Fee ban consultation to begin 'in the spring'
The consultation on the proposed bans on letting agents levied against tenants will start in the spring. Housing minister Gavin Barwell announced the decision to begin planning the ban for England, which will ultimately mean that letting agents cannot charge tenants application or renewal fees.
Mr Barwell said in a written answer to Labour MP Julie Elliott that the government “is committed to building a strong and safe private rented sector, which provides security and stability for both tenants and landlords.”
The government announced the proposed fee ban in the 2016 Autumn Statement in a bid to improve competition within the private rental sector and ensure tenants have clarity when it comes to what they pay and why. Mr Barwell's announcement means that the government will begin exploring how the ban can be implemented and when this is likely to happen.
Mr Barwell went on to say that the long-awaited Housing Paper that was announced at the end of February includes plans on helping to promote transparency and fairness for the increasing number of people renting properties.
In his written answer, he said that the consultation will look at "a range of measures to tackle all unfair and unreasonable abuses of leasehold and consider further reforms through the consultation to improve consumer choice and fairness for leaseholders”.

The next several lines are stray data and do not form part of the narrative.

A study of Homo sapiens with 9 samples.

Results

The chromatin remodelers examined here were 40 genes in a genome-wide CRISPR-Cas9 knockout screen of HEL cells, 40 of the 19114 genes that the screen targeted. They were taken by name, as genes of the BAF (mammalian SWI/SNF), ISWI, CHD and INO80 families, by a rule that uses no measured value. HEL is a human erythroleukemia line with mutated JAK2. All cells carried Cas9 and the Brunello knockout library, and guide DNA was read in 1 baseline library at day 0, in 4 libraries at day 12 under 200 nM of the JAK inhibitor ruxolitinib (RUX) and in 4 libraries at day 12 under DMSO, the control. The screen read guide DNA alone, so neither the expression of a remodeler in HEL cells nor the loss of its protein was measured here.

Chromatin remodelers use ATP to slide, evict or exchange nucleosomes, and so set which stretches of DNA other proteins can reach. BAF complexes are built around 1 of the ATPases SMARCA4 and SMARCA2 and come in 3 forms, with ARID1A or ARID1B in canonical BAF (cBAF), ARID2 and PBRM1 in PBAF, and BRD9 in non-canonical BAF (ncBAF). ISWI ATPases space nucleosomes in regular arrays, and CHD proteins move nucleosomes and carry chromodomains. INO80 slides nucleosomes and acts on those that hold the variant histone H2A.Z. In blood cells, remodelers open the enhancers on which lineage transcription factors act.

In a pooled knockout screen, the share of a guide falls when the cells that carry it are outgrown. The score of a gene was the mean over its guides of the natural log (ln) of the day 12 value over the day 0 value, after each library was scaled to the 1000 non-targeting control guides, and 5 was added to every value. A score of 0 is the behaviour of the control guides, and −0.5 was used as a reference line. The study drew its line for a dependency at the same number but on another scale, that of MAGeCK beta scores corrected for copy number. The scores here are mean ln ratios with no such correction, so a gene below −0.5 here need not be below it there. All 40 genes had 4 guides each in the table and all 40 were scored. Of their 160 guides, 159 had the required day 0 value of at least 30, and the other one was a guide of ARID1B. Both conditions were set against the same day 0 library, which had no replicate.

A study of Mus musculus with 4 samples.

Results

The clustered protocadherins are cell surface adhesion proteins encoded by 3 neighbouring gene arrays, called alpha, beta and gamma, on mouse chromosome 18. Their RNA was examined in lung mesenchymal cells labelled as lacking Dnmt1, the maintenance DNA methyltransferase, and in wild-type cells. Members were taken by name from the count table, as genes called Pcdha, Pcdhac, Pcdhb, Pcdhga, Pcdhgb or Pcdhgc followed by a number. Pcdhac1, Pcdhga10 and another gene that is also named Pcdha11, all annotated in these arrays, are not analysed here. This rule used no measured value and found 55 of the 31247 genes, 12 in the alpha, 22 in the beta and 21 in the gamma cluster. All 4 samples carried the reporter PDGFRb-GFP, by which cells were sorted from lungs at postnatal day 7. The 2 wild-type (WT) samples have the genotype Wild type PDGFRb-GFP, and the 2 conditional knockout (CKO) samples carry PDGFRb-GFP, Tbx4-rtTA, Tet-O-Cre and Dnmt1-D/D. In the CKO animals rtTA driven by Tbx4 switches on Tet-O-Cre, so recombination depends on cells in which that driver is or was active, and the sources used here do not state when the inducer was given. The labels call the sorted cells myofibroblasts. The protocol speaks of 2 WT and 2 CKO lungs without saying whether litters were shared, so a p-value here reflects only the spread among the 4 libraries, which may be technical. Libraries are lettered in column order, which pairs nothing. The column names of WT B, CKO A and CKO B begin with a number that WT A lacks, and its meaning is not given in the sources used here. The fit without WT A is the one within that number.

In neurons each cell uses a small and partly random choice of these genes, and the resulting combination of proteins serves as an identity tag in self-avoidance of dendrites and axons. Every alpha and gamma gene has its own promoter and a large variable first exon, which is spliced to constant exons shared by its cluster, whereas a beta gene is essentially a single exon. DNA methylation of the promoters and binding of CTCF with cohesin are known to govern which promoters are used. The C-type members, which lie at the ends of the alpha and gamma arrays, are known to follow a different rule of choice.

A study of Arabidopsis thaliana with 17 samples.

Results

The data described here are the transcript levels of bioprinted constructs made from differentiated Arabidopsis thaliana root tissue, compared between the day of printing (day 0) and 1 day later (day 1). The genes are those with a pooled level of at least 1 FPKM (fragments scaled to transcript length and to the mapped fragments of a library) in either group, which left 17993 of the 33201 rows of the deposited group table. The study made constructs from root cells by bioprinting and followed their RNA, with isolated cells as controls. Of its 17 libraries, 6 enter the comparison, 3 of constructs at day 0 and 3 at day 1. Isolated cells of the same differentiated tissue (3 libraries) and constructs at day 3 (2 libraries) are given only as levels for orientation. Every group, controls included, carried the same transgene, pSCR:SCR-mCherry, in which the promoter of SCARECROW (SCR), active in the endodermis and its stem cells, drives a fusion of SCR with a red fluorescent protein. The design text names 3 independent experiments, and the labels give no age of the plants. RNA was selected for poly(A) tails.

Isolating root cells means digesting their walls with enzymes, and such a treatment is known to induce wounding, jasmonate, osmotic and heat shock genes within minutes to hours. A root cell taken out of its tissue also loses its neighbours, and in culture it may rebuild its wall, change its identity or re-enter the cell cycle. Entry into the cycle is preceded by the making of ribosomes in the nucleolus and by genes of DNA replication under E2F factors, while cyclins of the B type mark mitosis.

However, Mr Barwell also noted that satisfaction among renters is improving, with more and more private tenants reporting that they they are happy with their tenure and that standards in the sector are getting higher. He went on to say that the government is determined to ensure that all sectors of the housing market are up to scratch.
With the consultation due to get underway shortly, letting agents and landlords should begin to consider how the fee ban will affect them. While there are not yet any details available, planning for how it could possibly impact business is vital when it comes to minimising the potential negative effects.